Date on Master's Thesis/Doctoral Dissertation


Document Type

Doctoral Dissertation

Degree Name

Ph. D.



Committee Chair

Mattingly, Carol, 1945-

Author's Keywords

Sierra Leone; Henry Morton Stanley; Liberia; Dark Continent; Great Zimbabwe; Rhetorical sovereignty


Africa--In literature; Africa--Description and travel; Africa--History--19th century; Literary journeys--Africa; Africa--Foreign relations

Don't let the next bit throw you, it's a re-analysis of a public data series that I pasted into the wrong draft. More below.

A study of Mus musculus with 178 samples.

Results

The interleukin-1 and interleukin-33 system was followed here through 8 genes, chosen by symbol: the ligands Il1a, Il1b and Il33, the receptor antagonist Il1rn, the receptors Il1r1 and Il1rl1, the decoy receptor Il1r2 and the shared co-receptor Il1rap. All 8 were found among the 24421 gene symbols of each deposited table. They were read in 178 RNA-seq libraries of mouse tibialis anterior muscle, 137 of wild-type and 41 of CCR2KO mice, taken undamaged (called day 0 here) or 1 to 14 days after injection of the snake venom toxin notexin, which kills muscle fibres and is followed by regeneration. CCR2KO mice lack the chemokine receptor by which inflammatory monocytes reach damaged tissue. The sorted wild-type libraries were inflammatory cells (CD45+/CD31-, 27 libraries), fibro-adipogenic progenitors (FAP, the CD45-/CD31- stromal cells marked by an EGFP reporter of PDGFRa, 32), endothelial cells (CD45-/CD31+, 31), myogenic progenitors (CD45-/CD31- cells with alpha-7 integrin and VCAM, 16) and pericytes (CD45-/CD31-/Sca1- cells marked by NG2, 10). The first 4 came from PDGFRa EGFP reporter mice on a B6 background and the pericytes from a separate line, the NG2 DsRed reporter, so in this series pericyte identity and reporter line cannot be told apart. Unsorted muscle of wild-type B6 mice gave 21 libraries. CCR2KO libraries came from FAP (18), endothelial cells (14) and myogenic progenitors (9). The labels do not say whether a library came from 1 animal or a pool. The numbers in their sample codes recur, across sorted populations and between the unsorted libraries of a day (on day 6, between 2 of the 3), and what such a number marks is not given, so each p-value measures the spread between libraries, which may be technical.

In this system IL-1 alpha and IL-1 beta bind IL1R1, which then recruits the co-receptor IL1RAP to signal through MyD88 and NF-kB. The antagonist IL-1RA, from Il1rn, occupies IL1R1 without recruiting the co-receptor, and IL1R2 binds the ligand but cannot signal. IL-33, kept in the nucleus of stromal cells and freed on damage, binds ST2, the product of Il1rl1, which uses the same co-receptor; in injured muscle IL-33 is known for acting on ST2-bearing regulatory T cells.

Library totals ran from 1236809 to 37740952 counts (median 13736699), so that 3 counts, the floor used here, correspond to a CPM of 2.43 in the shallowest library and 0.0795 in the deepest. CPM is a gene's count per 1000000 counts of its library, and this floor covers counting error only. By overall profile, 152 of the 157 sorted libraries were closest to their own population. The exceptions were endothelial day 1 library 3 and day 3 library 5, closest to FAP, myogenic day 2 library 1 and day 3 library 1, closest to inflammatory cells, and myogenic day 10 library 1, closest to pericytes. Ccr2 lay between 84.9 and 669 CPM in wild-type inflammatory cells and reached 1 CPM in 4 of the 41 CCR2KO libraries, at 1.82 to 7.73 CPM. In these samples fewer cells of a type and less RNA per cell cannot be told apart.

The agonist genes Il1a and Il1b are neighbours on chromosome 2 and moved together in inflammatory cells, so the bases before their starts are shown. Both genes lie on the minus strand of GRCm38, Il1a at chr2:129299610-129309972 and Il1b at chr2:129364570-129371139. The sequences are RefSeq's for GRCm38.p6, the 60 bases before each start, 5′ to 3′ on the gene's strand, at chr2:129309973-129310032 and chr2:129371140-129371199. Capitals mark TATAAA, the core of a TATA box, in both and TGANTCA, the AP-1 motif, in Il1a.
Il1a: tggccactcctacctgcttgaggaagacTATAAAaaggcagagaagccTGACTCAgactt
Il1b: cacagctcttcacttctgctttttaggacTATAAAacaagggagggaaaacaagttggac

This dissertation examines historical rhetoric about Africa in British and American writings between the beginnings of the Abolition period and the 1884 Berlin Conference at which the continent was divided by colonial powers. Tracing rhetorical trends of travel writers and their constituents through the explorations of the continent, it demarcates two turns in the way Africans and Africa were constructed rhetorically. In the process it reveals a 19th-century evolution from depicting Africa largely in terms of its viability for commerce and reception of European culture, to an Africa fallen into darkness, to Africa as the Dark Continent, permanently fixed in a savage darkness. These rhetorical turns are examined through the theoretical frameworks of rhetorical imperialism and rhetorical sovereignty. Chapter I explores the creation of Sierra Leone for resettling freed British blacks and the varied, at times contradicting, rhetoric lacking in uniform vision of the continent or its people other than a general trend of focusing on the viability of Africa as a site for British post-slavery endeavor and an ambivalent view of African cultural inferiority. Chapter II explores the American creation of Liberia, revealing a specific rhetoric of Africa as benighted, fallen, and degraded. This chapter demonstrates the rhetorical turn that occurred between the establishment of Sierra Leone and subsequent founding of Liberia, when the importance of Christian faith came to trump all other concerns for evaluating and characterizing Africa. Chapter III contains two case studies of the extent to which such rhetorical imperialism can be contested, one of Samuel Crowther, a Nigerian recaptive settled in Sierra Leone who then returned to Nigeria years later as an explorer, and another of Martin Delany, a free African American who traveled to Nigeria to seek an emigration site for African Americans fleeing slavery. Chapter IV juxtaposes the rhetorical work of Henry Stanley and his reports on explorations in Central Africa with the simultaneous rhetoric of the Great Zimbabwe debates. In so doing, the arc of rhetorical development since the Sierra Leone era is traced, complicating contemporary definitions of the Dark Continent and suggesting its continued limitation on African rhetorical sovereignty today.